HARPSWELL — In light of the economic strain created by the coronavirus pandemic, the Board of Selectmen adopted a proposed $5.35 million budget May 14 that is nearly $450,000 less than what was proposed in February.

With assessments from School Administrative District 75 ($8.72 million, up 5.3%) and Cumberland County ($1.33 million, up 0.5%) included, Harpswell’s tax rate of $6.70 per $1,000 of property valuation would rise 5 cents, or 0.8%. As a result, a home valued at $400,000 could see a $20 increase, from $2,680 to $2,700.

Residents were due to approve the fiscal year 2020 budget at Town Meeting on  March 14. But with most of that gathering canceled as the pandemic spread across the country, the spending plan will instead go to referendum July 14. A public hearing with social distancing in place will be held at the Harpswell Community School either June 17 or 18.

The Board of Selectmen on April 2 cut a net $376,000 from the budget and allocated an additional $200,000 from the fund balance to offset a projected $200,000 drop in revenue, primarily in excise tax, according to Town Administrator Kristi Eiane.

The largest cut was $450,000 toward Recycling Center upgrades, slated for funding through Harpswell’s capital budget this year. “Instead of appropriating the money in one year as a capital project, we made a decision that we would borrow the 450 and spread it out, and pay it back over a 10-year period,” Eiane said.

The town looks this year to replace two compactors that have reached the end of their life cycle, add parking and improve user safety at the facility.


Although town officials had proposed borrowing up to $300,000 toward purchasing an emergency vehicle, they now look instead to borrow that amount to replace a communications tower on Orr’s Island, which Eiane called a “more urgent need.”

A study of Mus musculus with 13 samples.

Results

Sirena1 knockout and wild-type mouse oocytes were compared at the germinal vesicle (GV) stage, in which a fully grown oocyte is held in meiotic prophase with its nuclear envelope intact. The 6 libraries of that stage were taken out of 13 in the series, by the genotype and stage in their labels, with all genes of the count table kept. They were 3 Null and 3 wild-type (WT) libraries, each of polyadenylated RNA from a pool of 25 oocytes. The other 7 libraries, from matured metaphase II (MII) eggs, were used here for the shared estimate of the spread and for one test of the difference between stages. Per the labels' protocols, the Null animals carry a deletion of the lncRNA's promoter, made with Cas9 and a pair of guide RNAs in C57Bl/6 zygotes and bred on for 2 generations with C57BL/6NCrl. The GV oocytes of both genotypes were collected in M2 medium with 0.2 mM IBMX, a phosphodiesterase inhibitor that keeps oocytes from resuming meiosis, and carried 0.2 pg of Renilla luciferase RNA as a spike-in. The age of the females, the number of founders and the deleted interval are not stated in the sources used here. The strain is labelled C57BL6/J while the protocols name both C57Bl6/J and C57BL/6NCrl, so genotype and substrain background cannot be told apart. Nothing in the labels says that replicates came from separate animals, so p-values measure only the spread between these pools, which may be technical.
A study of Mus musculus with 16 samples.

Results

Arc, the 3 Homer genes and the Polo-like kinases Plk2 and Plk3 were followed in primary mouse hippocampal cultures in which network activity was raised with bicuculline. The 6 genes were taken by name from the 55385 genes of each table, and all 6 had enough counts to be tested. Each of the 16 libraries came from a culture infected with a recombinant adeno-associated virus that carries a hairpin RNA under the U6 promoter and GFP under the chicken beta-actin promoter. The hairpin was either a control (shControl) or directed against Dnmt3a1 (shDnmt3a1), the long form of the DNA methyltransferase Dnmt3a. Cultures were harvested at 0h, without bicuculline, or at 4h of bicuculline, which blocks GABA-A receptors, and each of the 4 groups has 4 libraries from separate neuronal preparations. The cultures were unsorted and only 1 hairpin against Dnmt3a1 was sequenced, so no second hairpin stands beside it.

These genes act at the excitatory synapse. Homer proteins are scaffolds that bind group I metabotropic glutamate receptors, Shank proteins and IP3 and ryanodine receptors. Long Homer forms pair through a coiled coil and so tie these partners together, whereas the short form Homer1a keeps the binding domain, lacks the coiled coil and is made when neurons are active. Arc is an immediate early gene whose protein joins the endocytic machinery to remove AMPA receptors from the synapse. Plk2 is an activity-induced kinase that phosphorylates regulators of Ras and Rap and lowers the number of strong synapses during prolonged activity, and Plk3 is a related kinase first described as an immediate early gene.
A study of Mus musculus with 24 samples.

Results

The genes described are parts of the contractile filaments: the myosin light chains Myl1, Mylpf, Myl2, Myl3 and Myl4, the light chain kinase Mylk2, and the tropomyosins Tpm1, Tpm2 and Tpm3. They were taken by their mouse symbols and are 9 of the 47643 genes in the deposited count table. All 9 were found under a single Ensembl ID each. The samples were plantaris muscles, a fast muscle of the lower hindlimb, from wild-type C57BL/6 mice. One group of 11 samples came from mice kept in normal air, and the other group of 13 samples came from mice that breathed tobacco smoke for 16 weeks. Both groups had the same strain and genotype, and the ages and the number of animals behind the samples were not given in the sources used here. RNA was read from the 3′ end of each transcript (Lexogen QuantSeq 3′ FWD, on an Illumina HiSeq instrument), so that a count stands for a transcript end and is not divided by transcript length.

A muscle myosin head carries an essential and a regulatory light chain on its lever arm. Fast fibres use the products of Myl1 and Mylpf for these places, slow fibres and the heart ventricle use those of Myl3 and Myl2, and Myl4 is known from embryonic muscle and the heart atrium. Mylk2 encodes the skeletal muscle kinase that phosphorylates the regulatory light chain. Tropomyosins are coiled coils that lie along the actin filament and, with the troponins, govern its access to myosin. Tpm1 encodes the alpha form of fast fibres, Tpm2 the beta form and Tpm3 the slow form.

The selectmen also added $30,000 in contingency funds in case of cost overages, as well as $30,000 to general assistance.

Among other reductions made May 14, board members shaved $20,000 by combining the positions of treasurer and deputy administrator. Treasurer Marguerite Kelly died last month, and Deputy Administrator Terri Sawyer will take on the combined role.

Although one proposed cut was to reduce across-the-board wage and salary increases from 2.5% to 1.5%, saving nearly $8,000, the Board of Selectmen opted to keep those funds in the budget.

Staff had seen “minimal increases” in recent years, and they do an “excellent job” and are “very dedicated to their work,” said Selectwoman Jane Covey, a liaison to Harpswell’s Budget Advisory Committee.

“While this is a difficult time, our staff are dealing with the public, they’re front-line workers, we’re putting them at risk as we open the Town Office,” Covey said. “They will do their jobs … they have been doing their jobs. And so we didn’t want to make that change.”